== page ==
Today we’re going to take a look at the following notifications sent by the Canada Revenue Agency (CRA).
- Request for Information
- Notice of Assessment
- Notice of Reassessment
1. Request for Information
This notification means that the CRA would like to see proof of something which was on your return. Some of the most common information requests are for medical expenses, home office expenses and tuition expenses claims.
Remember to reply to this request in a timely manner. If you have a CRA MyAccount then you can simply submit scans of your receipts via the online portal.
If you don’t have a CRA MyAccount, then you can always send your receipts to the CRA via mail or fax.
Make sure to keep copies of whatever you send and it’s also a good idea to let the concerned CRA official know that you have sent the documents.
2. Notice of Assessment
A Notice of Assessment is a statement that outlines important line numbers and amounts along with other vital details. It is generated when your tax return is processed by the CRA.
If you file your return electronically via NETFILE, then you can expect to receive your NOA in two weeks. If you paper-filed your return then it will take eight weeks.
Your NOA will provide information that you need to know in your future years. This includes your RRSP contribution limit, unused amounts for losses, future repayments due for the Home Buyers Plan, and Lifelong Learning Plan. If you have a CRA MyAccount then you can also find this information in the online portal.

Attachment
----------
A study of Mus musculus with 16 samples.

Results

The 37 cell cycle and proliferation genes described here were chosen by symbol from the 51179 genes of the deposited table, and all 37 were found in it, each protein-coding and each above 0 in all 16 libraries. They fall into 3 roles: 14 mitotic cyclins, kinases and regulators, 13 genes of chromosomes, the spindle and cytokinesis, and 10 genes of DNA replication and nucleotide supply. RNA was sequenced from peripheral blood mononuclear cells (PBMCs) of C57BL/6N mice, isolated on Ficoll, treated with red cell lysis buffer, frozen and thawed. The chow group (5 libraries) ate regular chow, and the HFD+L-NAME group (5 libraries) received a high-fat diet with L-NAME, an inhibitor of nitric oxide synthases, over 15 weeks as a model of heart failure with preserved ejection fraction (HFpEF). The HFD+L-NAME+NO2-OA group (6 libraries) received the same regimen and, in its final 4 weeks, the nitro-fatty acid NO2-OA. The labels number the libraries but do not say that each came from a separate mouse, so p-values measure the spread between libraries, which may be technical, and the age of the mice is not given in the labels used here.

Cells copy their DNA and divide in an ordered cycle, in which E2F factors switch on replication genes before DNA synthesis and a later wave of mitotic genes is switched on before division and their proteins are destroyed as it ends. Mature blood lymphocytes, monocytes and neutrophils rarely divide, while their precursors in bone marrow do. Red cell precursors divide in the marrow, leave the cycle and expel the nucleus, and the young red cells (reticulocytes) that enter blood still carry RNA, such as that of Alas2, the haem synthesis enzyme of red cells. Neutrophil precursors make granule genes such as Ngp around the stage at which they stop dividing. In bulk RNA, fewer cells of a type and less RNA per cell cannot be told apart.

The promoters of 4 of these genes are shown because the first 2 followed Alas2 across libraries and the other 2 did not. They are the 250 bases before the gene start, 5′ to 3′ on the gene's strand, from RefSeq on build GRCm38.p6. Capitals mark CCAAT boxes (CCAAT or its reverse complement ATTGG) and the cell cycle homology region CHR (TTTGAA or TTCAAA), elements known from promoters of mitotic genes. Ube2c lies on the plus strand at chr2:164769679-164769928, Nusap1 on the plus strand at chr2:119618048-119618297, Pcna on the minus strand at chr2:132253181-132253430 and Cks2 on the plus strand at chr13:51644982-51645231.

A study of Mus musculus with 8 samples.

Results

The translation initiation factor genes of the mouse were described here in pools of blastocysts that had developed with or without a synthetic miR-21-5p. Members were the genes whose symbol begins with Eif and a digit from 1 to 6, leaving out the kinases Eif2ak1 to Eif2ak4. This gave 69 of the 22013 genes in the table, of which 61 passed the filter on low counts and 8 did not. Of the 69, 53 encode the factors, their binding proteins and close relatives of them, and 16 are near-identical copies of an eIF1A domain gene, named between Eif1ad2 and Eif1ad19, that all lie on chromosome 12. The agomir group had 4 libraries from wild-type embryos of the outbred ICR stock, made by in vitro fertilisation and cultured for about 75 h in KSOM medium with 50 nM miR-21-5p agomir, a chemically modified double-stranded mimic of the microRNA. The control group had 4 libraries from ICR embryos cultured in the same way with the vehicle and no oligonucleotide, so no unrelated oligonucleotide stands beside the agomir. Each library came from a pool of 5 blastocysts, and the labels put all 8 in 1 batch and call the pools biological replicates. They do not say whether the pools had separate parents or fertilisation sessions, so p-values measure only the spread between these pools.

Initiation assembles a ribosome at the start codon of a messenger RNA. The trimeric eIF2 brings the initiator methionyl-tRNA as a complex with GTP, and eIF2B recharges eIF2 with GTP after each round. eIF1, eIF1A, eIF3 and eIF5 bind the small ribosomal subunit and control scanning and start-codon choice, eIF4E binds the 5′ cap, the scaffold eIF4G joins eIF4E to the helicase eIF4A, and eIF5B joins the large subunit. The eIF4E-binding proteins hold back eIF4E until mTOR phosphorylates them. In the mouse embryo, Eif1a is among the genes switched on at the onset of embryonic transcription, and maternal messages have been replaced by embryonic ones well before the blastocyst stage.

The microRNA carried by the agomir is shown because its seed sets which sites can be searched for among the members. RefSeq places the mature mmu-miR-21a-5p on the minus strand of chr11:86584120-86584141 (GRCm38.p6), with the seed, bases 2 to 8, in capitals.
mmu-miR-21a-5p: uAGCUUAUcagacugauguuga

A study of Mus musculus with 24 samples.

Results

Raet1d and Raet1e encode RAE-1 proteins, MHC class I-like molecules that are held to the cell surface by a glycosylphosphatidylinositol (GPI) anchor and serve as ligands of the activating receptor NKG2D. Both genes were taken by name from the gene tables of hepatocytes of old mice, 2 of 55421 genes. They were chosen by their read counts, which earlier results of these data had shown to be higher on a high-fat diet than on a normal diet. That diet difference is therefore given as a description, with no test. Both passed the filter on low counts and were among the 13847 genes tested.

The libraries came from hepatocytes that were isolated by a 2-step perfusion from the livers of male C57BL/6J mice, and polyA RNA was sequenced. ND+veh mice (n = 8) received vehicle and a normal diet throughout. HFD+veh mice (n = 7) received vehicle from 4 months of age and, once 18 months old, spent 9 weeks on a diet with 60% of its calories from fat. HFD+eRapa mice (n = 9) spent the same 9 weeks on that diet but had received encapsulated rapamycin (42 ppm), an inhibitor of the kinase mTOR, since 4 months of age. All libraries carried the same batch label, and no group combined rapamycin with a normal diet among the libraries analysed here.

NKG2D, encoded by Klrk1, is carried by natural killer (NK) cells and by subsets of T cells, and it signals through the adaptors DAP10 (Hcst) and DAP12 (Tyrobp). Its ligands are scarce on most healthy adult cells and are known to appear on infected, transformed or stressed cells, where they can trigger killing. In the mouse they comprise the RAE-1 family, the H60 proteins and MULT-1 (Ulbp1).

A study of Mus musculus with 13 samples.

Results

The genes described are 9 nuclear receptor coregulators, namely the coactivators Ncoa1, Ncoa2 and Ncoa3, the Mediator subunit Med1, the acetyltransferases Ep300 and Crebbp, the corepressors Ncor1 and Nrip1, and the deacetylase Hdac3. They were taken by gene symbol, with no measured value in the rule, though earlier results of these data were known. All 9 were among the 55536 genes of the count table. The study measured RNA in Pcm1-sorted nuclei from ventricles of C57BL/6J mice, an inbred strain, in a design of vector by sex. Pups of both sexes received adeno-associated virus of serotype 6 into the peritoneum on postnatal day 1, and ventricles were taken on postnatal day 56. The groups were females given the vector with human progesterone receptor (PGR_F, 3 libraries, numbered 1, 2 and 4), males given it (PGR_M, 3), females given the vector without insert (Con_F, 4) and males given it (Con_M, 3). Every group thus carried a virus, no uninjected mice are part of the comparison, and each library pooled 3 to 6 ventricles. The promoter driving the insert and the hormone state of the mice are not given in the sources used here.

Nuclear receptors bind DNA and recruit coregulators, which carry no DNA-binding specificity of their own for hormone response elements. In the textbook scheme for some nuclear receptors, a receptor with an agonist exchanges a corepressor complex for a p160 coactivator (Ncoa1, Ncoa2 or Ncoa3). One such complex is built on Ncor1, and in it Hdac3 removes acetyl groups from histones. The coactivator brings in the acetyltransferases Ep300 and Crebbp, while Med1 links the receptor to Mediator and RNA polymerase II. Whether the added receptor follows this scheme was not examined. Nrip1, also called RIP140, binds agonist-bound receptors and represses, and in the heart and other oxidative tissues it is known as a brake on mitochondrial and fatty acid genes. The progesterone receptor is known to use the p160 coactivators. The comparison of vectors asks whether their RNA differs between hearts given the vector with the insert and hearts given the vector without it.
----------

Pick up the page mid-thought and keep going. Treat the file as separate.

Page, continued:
If you find an error in your NOA then you simply need to submit an adjustment request to get it corrected.
Keep in mind that if you do not agree with the information in your NOA then you have 90 days from the date of issue to appeal the information with the CRA.
3. Notice of Reassessment
If changes are made to your original tax return (either via an adjustment or by the CRA), the update will appear on a Notice of Reassessment.
This statement also includes important line numbers and amounts but now the changes which have been made are also highlighted.
Again if you notice an error on your Notice of Reassessment, get in touch with the CRA immediately. You might be able to add missing information via an adjustment and get the error fixed.
The 90-day window also applies to the Notice of Reassessment.
It’s not very common for a taxpayer to receive an audit notice immediately after filing their return unless there is something going on which has been a pattern or if the information on the return is very far from accurate.
If you get an audit notice, respond to the request as soon as possible. If you do not attempt to contact the auditor, it is very likely that they will deny your claim, assess you a balance outstanding, and send you to Collections so that the balance can be collected. At that point, contacting the auditor can be very difficult.
If you have received any of the above-mentioned notices, don’t hesitate to get in touch with us. We’re licensed public accountants and we’ll guide you through the entire process and make sure that your return is filed correctly and all notices are answered satisfactorily.